Making electrical vehicles more affordable should be a top priority for automakers as currently the average vehicle-buyer cannot afford them, reports Jim Farley, Ford Motor Co. president & CEO.
“I’m deeply worried about the affordability,” Farley said during a live-streamed interview with Mary Kramer, the director of the annual Detroit Homecoming VIII event.
“We have a lot of work to do to make them more affordable,” he said. “That’s the one that keeps me up at night.”
Farley noted the EV version of the F-150 is completely sold out in Europe, U.S. and China. “We have 150,000 orders and the truck isn’t just fast ... it’s very fast but it can power your house for three days. I think this will really change electrification,” he says.
He noted that the first generation of electric owners don’t work small commuter, economy vehicles. “They want Mustangs, they want pickup trucks, they want utility vans,” said Farley. “They want the best products.”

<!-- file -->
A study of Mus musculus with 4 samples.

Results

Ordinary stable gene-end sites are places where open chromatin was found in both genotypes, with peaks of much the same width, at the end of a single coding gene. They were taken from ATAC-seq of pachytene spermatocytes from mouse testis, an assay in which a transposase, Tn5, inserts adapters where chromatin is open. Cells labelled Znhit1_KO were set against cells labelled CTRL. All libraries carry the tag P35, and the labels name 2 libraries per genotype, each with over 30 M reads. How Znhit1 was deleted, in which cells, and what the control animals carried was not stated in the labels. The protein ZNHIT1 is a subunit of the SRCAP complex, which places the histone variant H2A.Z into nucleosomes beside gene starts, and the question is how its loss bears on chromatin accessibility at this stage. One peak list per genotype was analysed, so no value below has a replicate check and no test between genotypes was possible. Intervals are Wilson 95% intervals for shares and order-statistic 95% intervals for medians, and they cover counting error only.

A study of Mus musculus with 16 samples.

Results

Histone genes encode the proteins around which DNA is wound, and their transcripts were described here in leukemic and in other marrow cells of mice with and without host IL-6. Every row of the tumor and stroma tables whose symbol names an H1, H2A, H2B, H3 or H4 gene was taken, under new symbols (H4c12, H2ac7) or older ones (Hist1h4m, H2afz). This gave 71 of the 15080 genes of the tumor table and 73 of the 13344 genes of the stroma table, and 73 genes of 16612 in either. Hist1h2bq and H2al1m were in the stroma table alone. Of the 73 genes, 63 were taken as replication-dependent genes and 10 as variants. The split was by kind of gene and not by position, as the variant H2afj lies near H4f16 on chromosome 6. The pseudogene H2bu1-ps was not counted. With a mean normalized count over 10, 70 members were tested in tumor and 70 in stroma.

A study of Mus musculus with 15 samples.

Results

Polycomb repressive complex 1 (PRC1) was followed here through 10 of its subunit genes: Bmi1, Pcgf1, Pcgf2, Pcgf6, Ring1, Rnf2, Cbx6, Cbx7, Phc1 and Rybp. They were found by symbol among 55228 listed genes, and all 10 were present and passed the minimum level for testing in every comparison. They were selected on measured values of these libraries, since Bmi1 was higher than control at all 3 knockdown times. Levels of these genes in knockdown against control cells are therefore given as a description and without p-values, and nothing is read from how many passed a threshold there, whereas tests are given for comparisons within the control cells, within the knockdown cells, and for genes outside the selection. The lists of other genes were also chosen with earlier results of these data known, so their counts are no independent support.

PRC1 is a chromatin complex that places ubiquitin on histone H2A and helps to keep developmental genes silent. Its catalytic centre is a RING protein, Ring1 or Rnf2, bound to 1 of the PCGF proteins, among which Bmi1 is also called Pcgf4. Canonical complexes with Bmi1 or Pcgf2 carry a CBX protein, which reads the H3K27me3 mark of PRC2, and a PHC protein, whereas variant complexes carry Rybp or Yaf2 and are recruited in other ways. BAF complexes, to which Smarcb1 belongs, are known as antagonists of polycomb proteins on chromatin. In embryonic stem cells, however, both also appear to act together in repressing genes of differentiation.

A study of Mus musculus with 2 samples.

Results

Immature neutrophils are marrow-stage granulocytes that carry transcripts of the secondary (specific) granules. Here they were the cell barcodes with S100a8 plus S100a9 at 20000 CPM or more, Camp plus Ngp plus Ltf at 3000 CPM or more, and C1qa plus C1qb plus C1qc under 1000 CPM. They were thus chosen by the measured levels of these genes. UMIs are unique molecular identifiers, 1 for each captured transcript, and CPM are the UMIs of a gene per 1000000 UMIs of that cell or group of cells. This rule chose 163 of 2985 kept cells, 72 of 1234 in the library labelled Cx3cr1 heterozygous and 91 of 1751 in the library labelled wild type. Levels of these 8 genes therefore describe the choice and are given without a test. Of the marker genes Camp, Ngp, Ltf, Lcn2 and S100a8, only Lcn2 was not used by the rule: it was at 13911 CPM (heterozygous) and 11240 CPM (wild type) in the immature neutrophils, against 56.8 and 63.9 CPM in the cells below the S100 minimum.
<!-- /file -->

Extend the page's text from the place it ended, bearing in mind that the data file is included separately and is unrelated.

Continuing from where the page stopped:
EV production could impact labor concerns since it costs 30% less to manufacture the electrical vehicles. Battery supply and minerals such as lithium and cobalt to power them also present potential obstacles, said Farley.
He recommends bringing battery production to the United States but stresses the supply chain must go all the way to the mines. “That’s where the real cost is and people in the U.S. don't want mining in their neighborhoods,” he said.
The question is, he said: Are we going to import lithium and pull cobalt from nation-states that have child labor and all sorts of corruption or all we going to get serious about mining? We have to solve these things and we don't have much time."
Farley said the company is also exploring an autonomous highway that will run down Michigan Avenue through Detroit, Dearborn and then ending in Ann Arbor. He did not release more details on it but said local governments will have to be on board with it.
"Autonomy is taking longer than we thought," said Farley. "But we still have to solve the second-order problems. Like do we have dedicated infrastructure for our autonomous vehicles? I don't think we should wait for regulators to make up their mind. We have to solve this as companies."